A sarcomere is the basic functional unit of striated muscle. In the human body, each muscle is made up of multiple bundles of muscle fibers, or cells. The muscle fibers, in turn, are comprised of numerous finer strands called myofibrils. When viewed under an electron microscope, it can be seen that each myofibril is primarily composed of two kinds of filaments — termed thick and thin — organized into regular, repeating sub-units. These sub-units are the sarcomeres, and it is their patterned arrangement that gives striated muscle its characteristic banded appearance.
In between sarcomeres lies the Z line, or Z disc. When stained and viewed microscopically, the Z line appears as a dark, distinct border. The Z lines of adjacent myofibrils generally line up, appearing as a series of parallel dark lines across the muscle cell. Arising from the Z lines, numerous thin filaments reach toward the center of the sarcomere, where they overlap slightly with the free-floating thick filaments. These filaments together represent the active structures.
Thick filaments are made up of hundreds of molecules of the protein myosin. Myosin molecules are characterized by long, fibrous, tail regions that run along the axis of the filament, and globular head regions that project outwards along the axis. Individual myosin molecules within a filament are oriented in opposite directions, resulting in the head regions lining up along each end of the molecule, with the tails gathered together in the middle. Overall, the filament has the shape of an elongated dumbbell, with bumpy heads projecting at the ends, and a smooth region in the center. The interior region of sarcomeres, corresponding to the length of the thick filaments, is called the A band.
Thin filaments are approximately half the diameter of thick filaments, and contain primarily the protein actin. Roughly spherical, actin molecules arrange in double strands like a beaded necklace, with each strand twisting around the other to form a helix. Thin filaments project inward from the Z lines at each end of the sarcomere, partially overlapping with the bumpy regions of thick filaments.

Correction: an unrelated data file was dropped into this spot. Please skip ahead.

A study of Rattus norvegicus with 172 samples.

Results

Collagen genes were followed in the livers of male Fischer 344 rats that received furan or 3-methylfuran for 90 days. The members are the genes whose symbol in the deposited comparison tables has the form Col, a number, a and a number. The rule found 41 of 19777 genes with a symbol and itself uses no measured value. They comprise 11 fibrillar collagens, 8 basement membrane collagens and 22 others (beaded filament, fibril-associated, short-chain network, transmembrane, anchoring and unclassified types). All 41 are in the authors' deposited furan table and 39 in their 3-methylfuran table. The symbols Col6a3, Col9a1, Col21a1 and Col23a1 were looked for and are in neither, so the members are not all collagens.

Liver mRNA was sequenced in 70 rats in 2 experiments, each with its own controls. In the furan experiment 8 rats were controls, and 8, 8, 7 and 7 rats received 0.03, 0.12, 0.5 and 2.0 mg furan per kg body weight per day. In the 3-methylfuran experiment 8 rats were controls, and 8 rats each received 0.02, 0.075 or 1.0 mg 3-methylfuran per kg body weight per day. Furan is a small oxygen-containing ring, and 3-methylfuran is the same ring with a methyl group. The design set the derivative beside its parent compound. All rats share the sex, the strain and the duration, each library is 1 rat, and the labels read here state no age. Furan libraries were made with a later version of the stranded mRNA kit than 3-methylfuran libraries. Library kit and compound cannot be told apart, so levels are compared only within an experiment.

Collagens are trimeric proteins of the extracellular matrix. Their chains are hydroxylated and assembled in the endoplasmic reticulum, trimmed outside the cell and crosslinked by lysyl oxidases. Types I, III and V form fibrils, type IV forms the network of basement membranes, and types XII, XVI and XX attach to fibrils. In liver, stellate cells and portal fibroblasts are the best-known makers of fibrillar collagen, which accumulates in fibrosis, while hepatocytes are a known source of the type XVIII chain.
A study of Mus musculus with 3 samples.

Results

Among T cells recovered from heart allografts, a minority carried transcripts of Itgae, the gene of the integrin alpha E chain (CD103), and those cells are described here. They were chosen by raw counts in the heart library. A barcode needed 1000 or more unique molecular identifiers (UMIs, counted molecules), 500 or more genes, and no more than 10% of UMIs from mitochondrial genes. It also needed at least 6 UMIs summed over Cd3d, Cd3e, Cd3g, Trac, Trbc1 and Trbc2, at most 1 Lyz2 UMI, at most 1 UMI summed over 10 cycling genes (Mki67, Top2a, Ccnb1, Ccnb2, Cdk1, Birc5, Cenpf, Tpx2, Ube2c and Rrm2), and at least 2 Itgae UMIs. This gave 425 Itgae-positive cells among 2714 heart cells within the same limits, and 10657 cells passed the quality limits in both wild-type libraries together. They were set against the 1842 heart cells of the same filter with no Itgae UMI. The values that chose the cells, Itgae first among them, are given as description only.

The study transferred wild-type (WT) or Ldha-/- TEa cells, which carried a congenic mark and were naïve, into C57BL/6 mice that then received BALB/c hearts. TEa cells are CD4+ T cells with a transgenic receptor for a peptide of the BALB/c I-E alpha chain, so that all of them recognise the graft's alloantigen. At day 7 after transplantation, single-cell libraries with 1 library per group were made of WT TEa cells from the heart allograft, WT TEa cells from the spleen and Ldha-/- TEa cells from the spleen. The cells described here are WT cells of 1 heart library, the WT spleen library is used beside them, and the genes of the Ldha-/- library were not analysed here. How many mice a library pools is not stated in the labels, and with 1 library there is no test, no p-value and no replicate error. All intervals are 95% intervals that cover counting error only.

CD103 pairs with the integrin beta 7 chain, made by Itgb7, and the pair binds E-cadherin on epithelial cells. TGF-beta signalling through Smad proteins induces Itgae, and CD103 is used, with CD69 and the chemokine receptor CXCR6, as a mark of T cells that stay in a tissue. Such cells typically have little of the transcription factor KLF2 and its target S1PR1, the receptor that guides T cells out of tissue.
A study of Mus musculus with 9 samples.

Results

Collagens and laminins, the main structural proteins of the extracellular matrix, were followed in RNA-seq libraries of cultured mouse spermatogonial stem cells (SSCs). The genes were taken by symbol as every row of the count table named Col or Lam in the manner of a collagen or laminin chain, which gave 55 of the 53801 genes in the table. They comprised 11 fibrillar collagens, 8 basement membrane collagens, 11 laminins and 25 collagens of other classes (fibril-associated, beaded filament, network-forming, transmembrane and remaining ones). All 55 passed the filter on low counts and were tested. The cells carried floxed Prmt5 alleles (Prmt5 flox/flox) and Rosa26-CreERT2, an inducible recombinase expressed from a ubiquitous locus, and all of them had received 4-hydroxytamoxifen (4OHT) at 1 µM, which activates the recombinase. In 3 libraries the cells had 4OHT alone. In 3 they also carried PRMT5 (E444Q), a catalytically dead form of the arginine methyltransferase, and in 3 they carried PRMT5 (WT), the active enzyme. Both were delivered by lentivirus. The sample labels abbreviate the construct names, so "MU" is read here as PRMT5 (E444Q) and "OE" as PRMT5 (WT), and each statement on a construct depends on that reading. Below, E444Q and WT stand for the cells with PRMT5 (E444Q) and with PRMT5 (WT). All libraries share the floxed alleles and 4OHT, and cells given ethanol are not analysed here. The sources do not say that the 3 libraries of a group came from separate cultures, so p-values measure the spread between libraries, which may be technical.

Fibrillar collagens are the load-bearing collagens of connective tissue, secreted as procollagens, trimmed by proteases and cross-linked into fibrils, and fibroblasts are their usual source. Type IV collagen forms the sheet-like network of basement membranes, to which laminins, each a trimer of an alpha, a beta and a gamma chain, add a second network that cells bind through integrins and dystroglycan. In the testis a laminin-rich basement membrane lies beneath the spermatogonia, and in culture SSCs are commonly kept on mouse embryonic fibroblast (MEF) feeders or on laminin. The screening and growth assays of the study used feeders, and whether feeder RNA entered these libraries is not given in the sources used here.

The very center of the sarcomere typically will only contain the smooth, middle region of the thick filaments. This region is termed the H zone. Similarly, the outer edges will generally only include thin filaments when the muscle is at rest, forming a narrow strip around the Z line known as the I band. In its entirety, this arrangement enables the contraction of the sarcomere, the myofibril, and the entire muscle.
Muscles contract according to the sliding filament model of muscular contraction. Upon contraction, the distance between Z lines becomes shorter, but the filaments themselves do not change length. Instead, the two types of filaments slide longitudinally against each other, increasing the degree of overlap and thereby shortening the length of the sarcomere. When this occurs, the I bands shorten, the H zone disappears, and the length of the A bands remains constant.
The sliding filament model is made possible by the interaction of the actin and myosin proteins within the filaments. Using energy from the energy-transfer nucleotide adenosine triphosphate (ATP,) myosin molecules form and release bonds with the actin molecules of neighboring filaments, effectively pulling them toward the center of the sarcomere. Under optimal conditions, the process typically continues at a rate of five bonds per molecule per second. Bond formation is generally regulated by the concentration of calcium ions within the cell, and can also be affected by the amount of available glycogen and creatine phosphate.